TJWEST-JTE

Justin Towns Earle’s Absent Fathers

By Jake Tully

Justin Towns Earle doesn’t bother with any highfalutin introductions when it comes to his records, and one can appreciate that about the Nashvillian singer-songwriter. 2015’s Absent Fathers is no exception to JTE’s candor, nor is it anything but a sublime companion to last year’s Single Mothers. Subtle, yet never verging on stale, Earle’s second installment of grappling with females proves that old habits die hard.

“She said ‘why bother, you’ve nothing left to take/just a tattered heart and if that ain’t broke it’s gonna break’/baby you don’t know so joke’s on you/I still got the blues,” croaks Earle with a honeyed decay on “I Still Got the Blues.” Such is the perfect depiction of the motif of Absent Fathers – Earle’s crooning underneath a cowl of an unaffected man. Yet, one never gets an air of a nebbish young man busking skittishly while saving face. It’s evident there’s a lot of hurtin’ but never does JTE lend a fragile hand and ask for pity.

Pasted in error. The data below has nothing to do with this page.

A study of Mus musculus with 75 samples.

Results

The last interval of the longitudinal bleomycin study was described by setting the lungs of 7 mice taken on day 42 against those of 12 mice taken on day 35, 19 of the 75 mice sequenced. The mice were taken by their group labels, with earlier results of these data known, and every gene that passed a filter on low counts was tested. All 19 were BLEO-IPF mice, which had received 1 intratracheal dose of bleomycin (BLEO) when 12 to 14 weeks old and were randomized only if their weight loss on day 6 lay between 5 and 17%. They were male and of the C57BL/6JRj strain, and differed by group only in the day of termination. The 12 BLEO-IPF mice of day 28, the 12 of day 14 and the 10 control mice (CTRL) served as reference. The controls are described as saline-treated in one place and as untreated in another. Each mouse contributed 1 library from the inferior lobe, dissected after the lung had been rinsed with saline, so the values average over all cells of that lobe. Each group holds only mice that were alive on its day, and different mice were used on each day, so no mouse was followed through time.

Much like father Steve Earle, JTE’s songcraft exists in a peculiar zeitgeist. Unaltered by the ravages of (perish the thought) contemporary country, the junior Earle sounds timeless. In his music there is no 2009, 2014, or 2015 country. Earle’s product is prime singing and songwriting operating within the realm of a country aesthetic. JTE has never cared about emblazoning himself “Americana” or “country-folk”; Earle creates and from there the genre decides for itself.

Absent Fathers best showcases both ends of JTE’s impressive pedigree in a manner not yet manifested in such an outstanding display. The marriage of the ever-prevalent pedal steel, willowy guitar and guttural vocals that bring to mind the consummate union of his dear old dad and godfather Townes Van Zandt in our man Justin. The track “Slow Monday Slow Monday” is reminiscent of something out of Earle Sr.’s golden era catalogue, while “Day And Night” is a John Townes flavor indeed.

Justin Townes Earle has yet to disappoint. Despite his (perceived) lack of faith in himself in dealing with inherent vices, JTE is a goddamned good artist. Give me a slightly self-deprecating Earle any day, and I’ll give you one of the best young singer-songwriters working today. Townes Earle takes after his father – instant tastemaking and classic tunes.